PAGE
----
Maryland bill requires OE or certified parts for body repairs

A bill in the Maryland General Assembly would force auto insurers to pay for original equipment parts during body repairs on new vehicles. Two years after the car's manufacturing date, shops could use certified aftermarket components, too. The legislature wants to ensure that replacement parts maintain the originals' standards, and the bill specifically includes things like fenders, bumpers, door panels, hoods, grills, wheel wells, and "front and rear lamp display panels." People can still consent in writing to use uncertified aftermarket parts, if that's what they want.

Rick Impallaria from the Maryland House of Delegates introduced the bill on February 12, and the Maryland Automobile Dealers Association and Washington Metropolitan Auto Body Association have already voiced support for the idea, according to Automotive News. There's no guarantee the proposal becomes a law, though. It still needs to pass a vote in the House of Delegates, which the legislature hasn't scheduled yet. Then, the bill has to progress through the State Senate and eventually get a signature from the governor.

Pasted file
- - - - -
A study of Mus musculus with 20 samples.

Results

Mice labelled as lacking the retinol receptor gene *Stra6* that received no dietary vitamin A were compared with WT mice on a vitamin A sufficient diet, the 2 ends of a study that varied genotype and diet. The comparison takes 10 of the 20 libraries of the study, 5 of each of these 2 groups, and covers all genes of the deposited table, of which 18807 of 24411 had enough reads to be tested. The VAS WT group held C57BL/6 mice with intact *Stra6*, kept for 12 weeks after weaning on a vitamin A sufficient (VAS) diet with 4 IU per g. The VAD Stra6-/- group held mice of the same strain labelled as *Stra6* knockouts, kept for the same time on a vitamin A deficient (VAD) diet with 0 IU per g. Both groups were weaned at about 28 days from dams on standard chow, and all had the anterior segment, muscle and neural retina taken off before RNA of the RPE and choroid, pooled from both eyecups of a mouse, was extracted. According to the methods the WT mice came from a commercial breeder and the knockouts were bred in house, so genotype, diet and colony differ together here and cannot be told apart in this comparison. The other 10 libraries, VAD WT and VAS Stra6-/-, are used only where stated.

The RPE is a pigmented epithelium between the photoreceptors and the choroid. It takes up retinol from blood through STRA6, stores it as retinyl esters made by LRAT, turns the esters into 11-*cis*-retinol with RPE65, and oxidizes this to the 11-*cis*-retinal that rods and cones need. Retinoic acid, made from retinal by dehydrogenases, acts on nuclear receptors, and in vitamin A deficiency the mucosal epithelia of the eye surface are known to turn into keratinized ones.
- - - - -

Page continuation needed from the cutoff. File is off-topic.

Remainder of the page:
There is some dissent over the bill. According to Automotive News, the Automotive Body Parts Association believes the law would take about consumer choice and raise insurance rates. "Bill 1258 is only good for the car companies, giving them a virtual monopoly on parts for the first two years of the vehicle's life," it said in a statement.

If you want to make your own decision about the bill, you can find its full text and a policy analysis on the General Assembly's website. The page also lets you follow along and see if this ever becomes a law there.